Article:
Thursday, July 17, 2014

Cubicles and The ESPYS

Witnessing an individual reach their full potential and operate out of that space is inspiring and could be the principle, if applied, that sets our businesses and careers on a path to achieve great things.

Last night I watched the ESPY Awards hosted by Drake. Drake, you know, the Young Money Cash Money, actor turned emo-rapper, the one who said he was the greatest before he ever was? I could launch into a full on review of the show and how Drake did, however, that’s not where I want to take this. I’ll leave those kinds of things to Bleacher Report. I will say though, Blake and Drake and the Lance-cam were by far some of the funniest skits I've seen in quite some time. As I watched clip after clip of sports moments form the past year I remember the emotions those moments caused and even watched the hairs on my arms raise as the chills rushed through my body watching these clips again. Why do sports do this to us? Why do sports so captivate us that there is now an awards show annually held to honor these sports moments? I’d say the same way the U.S. Men’s National Team captivated us as a country is the same general feelings brought upon by hearing a talented artist belt out a beautiful ballad. What can explain the goose bumps that fill our arms when we interact with an elite athlete doing something special or hearing a brilliant artist serenade us? Why does the story line of LeBron returning home draw such sentimental response? Why did Kevin Durant’s M.V.P. speech move us so much? When Adele sings in a simple setting with her, a microphone, and a spot light, why are we frozen by the moment?

Professionals and businesses can learn a lot from this phenomenon that moves us with sports and/or music. The same moving emotions that inspire us to stay up late to watch an awards show or take a half a day off work to watch a soccer match are driven by the same general principle we see in sports but cannot interpret and apply to business for some reason. The principle is simple, an individual reaching their greatest potential. In the bible the apostle Paul even makes reference to God desiring individuals to reach their greatest potentials, becoming all they can be as an individual, becoming what God made them for, become full (Ephesians 4:13). There is something special about seeing someone who is doing what they are meant to do. Talented artists who have a voice that can move mountains inspire us when we see them in their element. The same rings true of sports. When we see an athlete who is meant to be an elite level athlete achieve great things it is moving to us as fans. We all have this internal longing to reach our full potential and when we see others achieving our own desires we are inspired and captivated. So how do we move from crying over M.V.P. acceptance speeches and moving soccer team performances to applying this principle in our own lives, most specifically, our professions.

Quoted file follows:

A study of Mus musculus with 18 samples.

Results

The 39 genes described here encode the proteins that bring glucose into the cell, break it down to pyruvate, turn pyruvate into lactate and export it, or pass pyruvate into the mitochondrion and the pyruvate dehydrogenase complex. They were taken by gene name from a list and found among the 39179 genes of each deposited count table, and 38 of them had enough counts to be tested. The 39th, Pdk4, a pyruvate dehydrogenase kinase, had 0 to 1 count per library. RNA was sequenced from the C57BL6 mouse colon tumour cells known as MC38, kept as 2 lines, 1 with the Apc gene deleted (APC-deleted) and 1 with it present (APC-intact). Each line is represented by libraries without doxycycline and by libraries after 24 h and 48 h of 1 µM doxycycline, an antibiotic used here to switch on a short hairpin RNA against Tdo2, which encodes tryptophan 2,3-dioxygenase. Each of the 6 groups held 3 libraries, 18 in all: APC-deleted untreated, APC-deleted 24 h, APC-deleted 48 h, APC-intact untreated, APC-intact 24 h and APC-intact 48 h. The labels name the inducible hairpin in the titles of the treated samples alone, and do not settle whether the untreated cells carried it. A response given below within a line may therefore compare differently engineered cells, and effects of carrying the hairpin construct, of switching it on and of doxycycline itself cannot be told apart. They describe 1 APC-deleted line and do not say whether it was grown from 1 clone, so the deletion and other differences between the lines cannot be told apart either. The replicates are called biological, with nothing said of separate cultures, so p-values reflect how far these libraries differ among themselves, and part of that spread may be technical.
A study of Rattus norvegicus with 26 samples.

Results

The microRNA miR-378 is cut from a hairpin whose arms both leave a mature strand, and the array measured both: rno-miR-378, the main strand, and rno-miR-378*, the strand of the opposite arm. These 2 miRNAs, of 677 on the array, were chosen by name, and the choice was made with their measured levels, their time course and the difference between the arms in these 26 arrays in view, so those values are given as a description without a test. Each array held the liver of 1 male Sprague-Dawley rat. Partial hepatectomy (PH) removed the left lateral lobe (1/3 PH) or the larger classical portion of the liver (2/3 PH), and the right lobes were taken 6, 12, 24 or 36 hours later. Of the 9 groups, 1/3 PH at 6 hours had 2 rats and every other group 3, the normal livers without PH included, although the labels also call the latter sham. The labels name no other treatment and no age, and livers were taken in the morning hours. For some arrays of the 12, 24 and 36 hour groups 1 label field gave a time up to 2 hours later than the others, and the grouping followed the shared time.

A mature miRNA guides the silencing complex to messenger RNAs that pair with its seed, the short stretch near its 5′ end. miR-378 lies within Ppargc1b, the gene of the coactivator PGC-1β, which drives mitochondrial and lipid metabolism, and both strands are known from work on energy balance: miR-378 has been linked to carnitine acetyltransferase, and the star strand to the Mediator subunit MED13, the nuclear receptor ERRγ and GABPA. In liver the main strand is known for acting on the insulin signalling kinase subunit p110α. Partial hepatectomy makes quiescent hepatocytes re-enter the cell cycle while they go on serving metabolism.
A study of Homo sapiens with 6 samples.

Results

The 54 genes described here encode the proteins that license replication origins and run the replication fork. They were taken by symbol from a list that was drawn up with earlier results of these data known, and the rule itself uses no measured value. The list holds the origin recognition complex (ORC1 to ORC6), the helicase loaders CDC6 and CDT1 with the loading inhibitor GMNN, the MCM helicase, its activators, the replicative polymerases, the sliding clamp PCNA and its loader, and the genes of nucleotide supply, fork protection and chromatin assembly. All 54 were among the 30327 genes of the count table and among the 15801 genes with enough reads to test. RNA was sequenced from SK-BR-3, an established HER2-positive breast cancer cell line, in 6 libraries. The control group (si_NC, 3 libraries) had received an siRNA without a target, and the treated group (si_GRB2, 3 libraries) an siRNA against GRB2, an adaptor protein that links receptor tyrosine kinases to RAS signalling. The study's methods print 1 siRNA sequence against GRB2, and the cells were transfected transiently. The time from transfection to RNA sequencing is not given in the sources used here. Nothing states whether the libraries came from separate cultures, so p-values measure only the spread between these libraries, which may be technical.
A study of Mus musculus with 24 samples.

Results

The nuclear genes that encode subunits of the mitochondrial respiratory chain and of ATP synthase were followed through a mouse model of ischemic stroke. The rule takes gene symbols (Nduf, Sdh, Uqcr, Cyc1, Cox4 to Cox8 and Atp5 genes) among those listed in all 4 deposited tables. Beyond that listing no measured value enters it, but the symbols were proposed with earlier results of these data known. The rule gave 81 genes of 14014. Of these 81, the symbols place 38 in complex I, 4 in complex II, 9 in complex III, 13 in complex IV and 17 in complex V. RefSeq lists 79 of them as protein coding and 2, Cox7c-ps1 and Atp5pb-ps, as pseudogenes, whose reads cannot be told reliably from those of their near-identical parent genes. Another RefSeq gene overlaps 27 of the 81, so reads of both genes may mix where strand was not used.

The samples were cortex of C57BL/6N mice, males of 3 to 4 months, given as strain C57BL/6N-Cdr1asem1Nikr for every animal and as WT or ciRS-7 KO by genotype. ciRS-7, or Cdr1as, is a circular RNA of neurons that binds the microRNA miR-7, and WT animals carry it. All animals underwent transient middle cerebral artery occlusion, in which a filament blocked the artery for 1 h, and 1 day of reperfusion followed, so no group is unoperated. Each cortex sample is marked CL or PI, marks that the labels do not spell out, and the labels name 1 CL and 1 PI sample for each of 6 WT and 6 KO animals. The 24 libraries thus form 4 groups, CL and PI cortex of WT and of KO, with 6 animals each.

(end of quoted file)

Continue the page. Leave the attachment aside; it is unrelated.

I’d love to play basketball professionally. I've even been told by a guy who plays professional overseas I could definitely keep up with his team. As flattering as that is the truth is I’m 30, have deteriorating knees, and am only 5’10”, so playing professional basketball is just a pipe dream at this point. That’s not where I’m going to quench that proverbial thirst to achieve my greatest potential. Iridescent lights and cubicles are a painful reality to most of us, but they don’t have to be. I’m not going to sell you on the idea of quitting your job and doing what you love. Maybe what you love is not necessarily going to put you in a position to make any money. Making money is a reality and a necessity in our culture, so unless you are ok with living on the streets and not having anything, you probably want to make some money. The best way we can mix this idea of becoming the fullness of what we have the potential to become and work in a world that makes us money is by learning the most we can about ourselves. Our current professional structure most often measures us to standards and doesn't focus much on strengths. This feedback system typically only focuses on weaknesses and how to become better. So we have a workforce trying o become better at things they aren't good at and that effort is taken away at truly taking advantage of what we are good at, our strengths. If we can learn our strengths and weaknesses and be humble and realistic enough to admit them at that point we can begin to work on fulfilling our potential. 

I wonder if the professional world and my generation begin to think this way if we wouldn't be more fulfilled in our own lives and professions and not necessarily need to escape from our reality with sports, but realize our own inspiring moments by achieving what it is we are made to achieve best. I think if we changed our mental picture a bit we could reach great heights. Will you join me?